New Wareham Middle School robotics team scraps competition
With just one month of working together, facing off against teams with months of teamwork, the Wareham Middle School robotics club placed second in its first competition on Feb. 8.
“I didn’t think we were going to do that well because our robot wasn't as big or as sophisticated, but it turned out to be pretty good,” student Josh Wright said.
At Quinsigamond Community College’s VEX Robotics Toss Up competition in Worcester, Wareham competed against 28 teams and had a record of 7-0-0 after seven rounds. The team then won its quarter-final match, 2-0, and its semi-final match, 2-1. Wareham lost 1-2 in the final round.
"I was so proud of how hard the students worked to prepare for the competition. Then, I was amazed to see them in action. They were incredible," teacher Julie Walker said. "The students received many compliments throughout the day and did a fantastic job representing Wareham Middle School."
Wareham's team is made up of seventh grade students Vyper Latulippe, Ethan Osley, Jonathan McCarthy, Wright, Taylah Messia and Shaez Gomes, and led by Walker.
“The club seemed very interesting. I love to build robots, and I love building stuff,” student Josh Wright said.
“I heard about the school offering a club where we could build robots, and I that some of my friends were doing it like Jonathan and Josh,” Latulippe said.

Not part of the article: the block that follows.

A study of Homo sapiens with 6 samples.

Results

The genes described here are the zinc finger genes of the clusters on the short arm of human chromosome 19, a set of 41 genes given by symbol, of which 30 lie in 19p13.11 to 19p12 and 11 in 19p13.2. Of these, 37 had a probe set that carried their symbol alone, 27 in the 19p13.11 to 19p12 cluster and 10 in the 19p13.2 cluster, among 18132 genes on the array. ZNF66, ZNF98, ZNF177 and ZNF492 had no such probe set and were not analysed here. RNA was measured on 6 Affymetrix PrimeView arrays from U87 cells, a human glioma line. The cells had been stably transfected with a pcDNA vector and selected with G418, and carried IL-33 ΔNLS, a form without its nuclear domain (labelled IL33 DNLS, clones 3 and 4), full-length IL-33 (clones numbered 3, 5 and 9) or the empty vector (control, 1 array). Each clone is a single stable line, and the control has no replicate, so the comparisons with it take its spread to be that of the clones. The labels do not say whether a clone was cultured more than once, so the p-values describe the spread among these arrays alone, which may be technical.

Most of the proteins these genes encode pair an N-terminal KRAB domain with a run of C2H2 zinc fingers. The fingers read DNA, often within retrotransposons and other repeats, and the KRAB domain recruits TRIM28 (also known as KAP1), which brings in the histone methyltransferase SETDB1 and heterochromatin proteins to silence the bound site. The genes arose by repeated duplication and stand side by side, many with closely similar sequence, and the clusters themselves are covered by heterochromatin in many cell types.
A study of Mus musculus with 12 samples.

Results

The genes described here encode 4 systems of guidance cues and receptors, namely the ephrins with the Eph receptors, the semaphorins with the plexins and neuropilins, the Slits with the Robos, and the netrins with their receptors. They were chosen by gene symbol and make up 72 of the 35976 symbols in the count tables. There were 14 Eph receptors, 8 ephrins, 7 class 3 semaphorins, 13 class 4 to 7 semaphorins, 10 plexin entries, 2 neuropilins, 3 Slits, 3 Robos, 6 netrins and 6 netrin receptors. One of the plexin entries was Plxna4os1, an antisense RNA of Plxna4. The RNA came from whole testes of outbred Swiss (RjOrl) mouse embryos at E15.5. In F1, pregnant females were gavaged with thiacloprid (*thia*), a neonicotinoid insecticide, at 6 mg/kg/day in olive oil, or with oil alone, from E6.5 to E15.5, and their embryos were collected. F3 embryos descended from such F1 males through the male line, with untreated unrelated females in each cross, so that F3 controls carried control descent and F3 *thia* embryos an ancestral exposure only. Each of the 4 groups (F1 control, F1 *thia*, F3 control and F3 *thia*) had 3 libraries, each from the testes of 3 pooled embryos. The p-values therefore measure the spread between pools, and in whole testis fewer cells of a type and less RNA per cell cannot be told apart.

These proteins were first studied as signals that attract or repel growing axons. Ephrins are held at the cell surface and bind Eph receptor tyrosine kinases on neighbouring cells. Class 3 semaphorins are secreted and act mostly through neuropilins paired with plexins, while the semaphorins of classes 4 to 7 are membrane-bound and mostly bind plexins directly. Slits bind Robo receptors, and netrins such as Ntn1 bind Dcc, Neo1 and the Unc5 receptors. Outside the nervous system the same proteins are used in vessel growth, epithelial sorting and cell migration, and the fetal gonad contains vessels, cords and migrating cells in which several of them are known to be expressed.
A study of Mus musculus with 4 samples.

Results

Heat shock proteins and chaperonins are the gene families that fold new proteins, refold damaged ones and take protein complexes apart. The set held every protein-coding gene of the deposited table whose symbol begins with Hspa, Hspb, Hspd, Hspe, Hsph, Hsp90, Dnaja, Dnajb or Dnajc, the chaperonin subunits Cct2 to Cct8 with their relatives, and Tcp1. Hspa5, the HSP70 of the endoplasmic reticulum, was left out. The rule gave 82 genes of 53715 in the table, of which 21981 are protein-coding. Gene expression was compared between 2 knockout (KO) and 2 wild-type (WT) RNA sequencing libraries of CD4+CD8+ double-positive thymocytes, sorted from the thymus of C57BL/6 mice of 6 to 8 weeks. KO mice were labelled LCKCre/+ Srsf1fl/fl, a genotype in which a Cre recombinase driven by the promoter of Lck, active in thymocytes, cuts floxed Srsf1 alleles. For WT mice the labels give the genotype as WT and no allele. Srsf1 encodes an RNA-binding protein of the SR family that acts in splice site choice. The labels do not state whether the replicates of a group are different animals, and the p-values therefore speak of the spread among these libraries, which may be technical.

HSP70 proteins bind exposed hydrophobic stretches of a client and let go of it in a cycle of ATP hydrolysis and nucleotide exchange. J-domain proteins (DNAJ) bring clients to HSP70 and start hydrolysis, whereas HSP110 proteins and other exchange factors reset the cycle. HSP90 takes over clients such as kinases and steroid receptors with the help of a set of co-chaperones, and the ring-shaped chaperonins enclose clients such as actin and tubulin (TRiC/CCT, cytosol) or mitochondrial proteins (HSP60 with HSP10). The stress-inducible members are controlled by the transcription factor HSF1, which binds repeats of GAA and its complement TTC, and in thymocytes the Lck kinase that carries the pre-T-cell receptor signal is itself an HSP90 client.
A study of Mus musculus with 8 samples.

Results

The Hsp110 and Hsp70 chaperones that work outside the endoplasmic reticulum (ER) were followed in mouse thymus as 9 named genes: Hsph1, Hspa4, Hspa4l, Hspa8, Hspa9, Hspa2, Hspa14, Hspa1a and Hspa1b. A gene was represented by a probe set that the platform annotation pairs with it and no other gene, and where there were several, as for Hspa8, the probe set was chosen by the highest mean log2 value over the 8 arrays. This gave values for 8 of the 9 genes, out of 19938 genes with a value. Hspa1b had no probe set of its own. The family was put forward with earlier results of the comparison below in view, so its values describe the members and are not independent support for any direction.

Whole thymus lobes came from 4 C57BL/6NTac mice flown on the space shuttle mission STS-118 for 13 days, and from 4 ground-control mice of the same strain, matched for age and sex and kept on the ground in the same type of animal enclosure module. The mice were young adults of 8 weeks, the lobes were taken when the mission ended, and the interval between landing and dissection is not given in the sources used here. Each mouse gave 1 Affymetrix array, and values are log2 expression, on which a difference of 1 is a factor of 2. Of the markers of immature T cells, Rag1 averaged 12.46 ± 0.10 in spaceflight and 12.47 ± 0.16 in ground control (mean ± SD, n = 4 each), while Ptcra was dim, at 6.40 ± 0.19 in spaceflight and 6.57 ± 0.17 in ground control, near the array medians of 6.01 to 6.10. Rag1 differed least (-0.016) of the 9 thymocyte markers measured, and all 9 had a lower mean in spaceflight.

It appeared all students in the club enjoyed the hands-on opportunity the robotics club offers.
“It’s really cool to design stuff and see it work in the field,” McCarthy said.
For Messia, the club has reinforces the passion she has for science.
“I love engineering,” Messia said.
Messia said she wants to go to college for bio engineering.
“I have thought about this a lot,” Messia said.
Messia does not have an ideal college she would want to attend. As a seventh grader, she has some time left, though.
Not every student on the team is a fan of the science and math commonly associated with a robotics club.
“I hate math,” Gomes said.
“They needed drawings before the competition, and I said I would do them,” Gomes said. “I love this club because our robot is awesome.”
Every member of the team has their own reason for enjoying the club.
“I like redesigning the robot when it fails,” Messia said.
However, Messia did not feel like the robot failed in its first competition. For the next competition, wants to further program the robot so it can have more abilities.
To improve in the next performance, the team uses a method associated with football: watching tape.
“We watch video of people who came in first place, see what they did well, what we didn’t do and figure out how to make the robot better,” Latulippe said.
“There was a part in the game where the robot had to lift up the ball and put it inside a tube,” Latulippe said. “We didn’t have a claw that could lift the ball up high enough, so I think our new design will work better to do that.”
The robotics club is part of Vex Robotics. VEX produces design kits that introduce students to robotics and help them hone their science and technology skills.
These kits typically cost about $1,000, according to Walker. One kit allows for a team of six students. Walker hopes to grow the team in the future.
“So many fields are using robotics now,” Walker said. “My father just had a surgery done that was 100 percent done by a robot. The students don’t realize how much this is going to help them. There’s so many applications.”
Wareham Middle School's VEX program was made possible due to grant funding from the Wareham Public Schools Office of Beyond School Time and the donation of VEX Robotics equipment from Quinsigamond Community College.
At the competition, the team received the tournament finalist award, which qualifies the students for the New England Regional Toss Up Competition held again at the community college on March 1 and 2.